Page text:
The future of the car industry

I’ve blogged and lectured many times now on the future of cars, public transport, trains, and I’ve retained my view that private cars and public transport (taxis, buses and trains, apart from very high density systems like London’s Underground) will eventually be replaced by fleets of driverless pods or self-driving cars (most probably the pods in city areas and some self-driving cars for non-urban areas). It can’t happen overnight of course, and there are various routes to getting there, but now that we know Tesla is setting up a big factory in Germany, the fog has lifted a little on the near and mid-term future.

Tesla will make electric cars. They have always been the future, but efforts and laws to reduce CO2 emissions are significantly expediting the trend. For the purposes of analyzing the future of the industry, there are really three distinct parts to consider. Electric vehicles can be considered to be a chassis, that can be adapted and re-used across a wide range of vehicles, a cabin, with its more individual appeals and decor, physical comforts and luxuries, and all the electronics, intelligence, sensors, displays, comms, entertainment.

With expertise in all camps, Tesla can flourish, but its much greater global expertise in the battery industry puts it in pole position to make a few standard electric chassis models that can be marketed to other manufacturers. The existence of those standard chassis allows new small manufacturers to spring up to offer a wide range of vehicles customized for every niche. These manufacturers don’t need the range of expertise of the conventional car industry, with many decades of expertise making relatively dumb vehicles with combustion engines. They will only have to learn the skills of making the comfortable cabins to sit on those chassis. (Don’t you hate that word too, with no proper plural!)

The car industry is therefore finding that much of the value of its historic core skills is quickly evaporating while having to compete on fairly equal terms in a new market using new technology with new manufacturers.

An electric chassis can include the motors to drive each wheel, and could also be easily adapted if and when new energy delivery systems using inductive pickups from the road surface move into the market (already successfully demonstrated in buses), and if and when lithium batteries are substituted by super-capacitors. So companies like Tesla can carry on making their own high-spec electric cars/vans/lorries but also flourish in a parallel market selling chassis with built-in drives to other companies who just need to put a decent cabin on top. It’s good strategy to see competitors as a potential market. Co-opetition works too.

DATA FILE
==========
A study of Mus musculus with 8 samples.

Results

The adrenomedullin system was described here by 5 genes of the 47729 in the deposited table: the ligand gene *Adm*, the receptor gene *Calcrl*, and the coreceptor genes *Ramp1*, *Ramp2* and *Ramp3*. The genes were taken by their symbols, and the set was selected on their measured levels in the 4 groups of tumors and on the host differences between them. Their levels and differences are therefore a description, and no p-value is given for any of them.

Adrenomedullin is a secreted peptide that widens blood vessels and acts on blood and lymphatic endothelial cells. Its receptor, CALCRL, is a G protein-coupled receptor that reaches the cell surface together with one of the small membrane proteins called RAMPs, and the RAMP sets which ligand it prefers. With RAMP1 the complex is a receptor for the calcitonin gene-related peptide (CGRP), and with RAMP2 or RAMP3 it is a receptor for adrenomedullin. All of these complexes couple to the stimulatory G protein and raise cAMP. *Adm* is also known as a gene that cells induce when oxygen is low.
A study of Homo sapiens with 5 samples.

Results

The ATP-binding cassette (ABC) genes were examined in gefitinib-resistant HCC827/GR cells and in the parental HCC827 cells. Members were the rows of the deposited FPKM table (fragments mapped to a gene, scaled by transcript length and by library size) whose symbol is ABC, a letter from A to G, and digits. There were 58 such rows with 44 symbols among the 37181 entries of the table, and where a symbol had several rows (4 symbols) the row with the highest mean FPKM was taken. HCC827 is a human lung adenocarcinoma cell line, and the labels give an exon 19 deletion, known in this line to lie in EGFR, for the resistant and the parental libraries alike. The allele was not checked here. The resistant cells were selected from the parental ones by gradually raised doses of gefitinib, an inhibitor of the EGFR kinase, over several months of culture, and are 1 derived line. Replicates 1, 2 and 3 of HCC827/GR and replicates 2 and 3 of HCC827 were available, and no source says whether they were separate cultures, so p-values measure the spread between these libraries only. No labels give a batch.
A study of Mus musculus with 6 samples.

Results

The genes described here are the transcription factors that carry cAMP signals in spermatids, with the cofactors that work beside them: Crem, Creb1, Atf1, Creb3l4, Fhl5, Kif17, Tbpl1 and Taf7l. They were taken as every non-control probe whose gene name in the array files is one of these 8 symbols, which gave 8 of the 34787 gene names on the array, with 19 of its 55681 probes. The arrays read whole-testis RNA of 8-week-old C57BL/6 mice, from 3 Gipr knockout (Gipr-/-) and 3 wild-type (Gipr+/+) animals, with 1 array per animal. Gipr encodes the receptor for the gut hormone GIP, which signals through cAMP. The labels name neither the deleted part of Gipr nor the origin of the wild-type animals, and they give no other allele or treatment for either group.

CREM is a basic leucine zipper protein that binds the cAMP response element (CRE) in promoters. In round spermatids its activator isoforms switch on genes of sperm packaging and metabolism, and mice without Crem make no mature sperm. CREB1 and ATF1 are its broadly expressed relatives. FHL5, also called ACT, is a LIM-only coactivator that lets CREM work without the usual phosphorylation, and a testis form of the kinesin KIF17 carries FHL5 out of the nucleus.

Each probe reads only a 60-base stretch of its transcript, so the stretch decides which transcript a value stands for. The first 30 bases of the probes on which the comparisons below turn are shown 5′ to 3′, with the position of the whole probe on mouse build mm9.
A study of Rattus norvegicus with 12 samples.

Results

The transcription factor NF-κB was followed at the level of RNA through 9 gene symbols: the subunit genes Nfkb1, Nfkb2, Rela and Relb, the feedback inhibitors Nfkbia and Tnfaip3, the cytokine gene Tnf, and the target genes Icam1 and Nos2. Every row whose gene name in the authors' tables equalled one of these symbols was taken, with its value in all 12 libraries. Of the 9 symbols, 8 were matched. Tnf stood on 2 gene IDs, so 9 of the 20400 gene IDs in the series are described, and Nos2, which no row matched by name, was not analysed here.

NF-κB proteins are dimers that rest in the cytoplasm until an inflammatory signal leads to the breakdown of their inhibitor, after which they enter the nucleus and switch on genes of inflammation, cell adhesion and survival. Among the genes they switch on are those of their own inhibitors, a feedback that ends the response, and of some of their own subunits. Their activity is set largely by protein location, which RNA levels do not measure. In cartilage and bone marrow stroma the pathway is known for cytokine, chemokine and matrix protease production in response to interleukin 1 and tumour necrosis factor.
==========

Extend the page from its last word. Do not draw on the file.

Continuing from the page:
This could be devastating to most of the big car manufacturers. Where will their market differential lie? Basic everyday markets could use the standardized chassis. How could they differentiate a high performance car when Tesla already offer ones that go 0-60 in under 3 seconds? The various electronics and AI systems will not compete only with Tesla but with all the big IT companies who also see roles in these markets: Apple, Sony, Google already but likely Samsung, LG, Microsoft and Amazon following soon.

It is possible that some existing car manufacturers will adapt just fine. They’ve known for many years that this future was coming and those with good strategies will cope. It is very likely though that some won’t cope and that very many jobs will be lost from the existing vehicle manufacturing industry, already bleeding jobs thanks to automation. It’s certainly not an industry I’d want to invest in for a decade or so until the weaker players have been removed from the field.

The main uncertainty that remains is whether the new industry goes the self-driving vehicle route, with lots of expensive sensors and IT in every vehicle, or the dumb pod/smart infrastructure route, with cheap cabins and simple chassis powered and navigated by the infrastructure. The latter could be much cheaper in urban areas, while the former would be better outside towns. My guess is that in the far future, we’ll have both, with self-driving vehicles outside urban areas, and pod systems inside urban areas (self-driving vehicles can easily be made downwards compatible so that they can behave like pods when in town).

5 responses to “The future of the car industry

  1. All that electricity must still be generated somewhere and renewables cannot fully meet this need. Where does that leave the oil and gas industry? Do Shell and BP still have a future, contrary to what the outgoing Governor of the Bank of England suggested?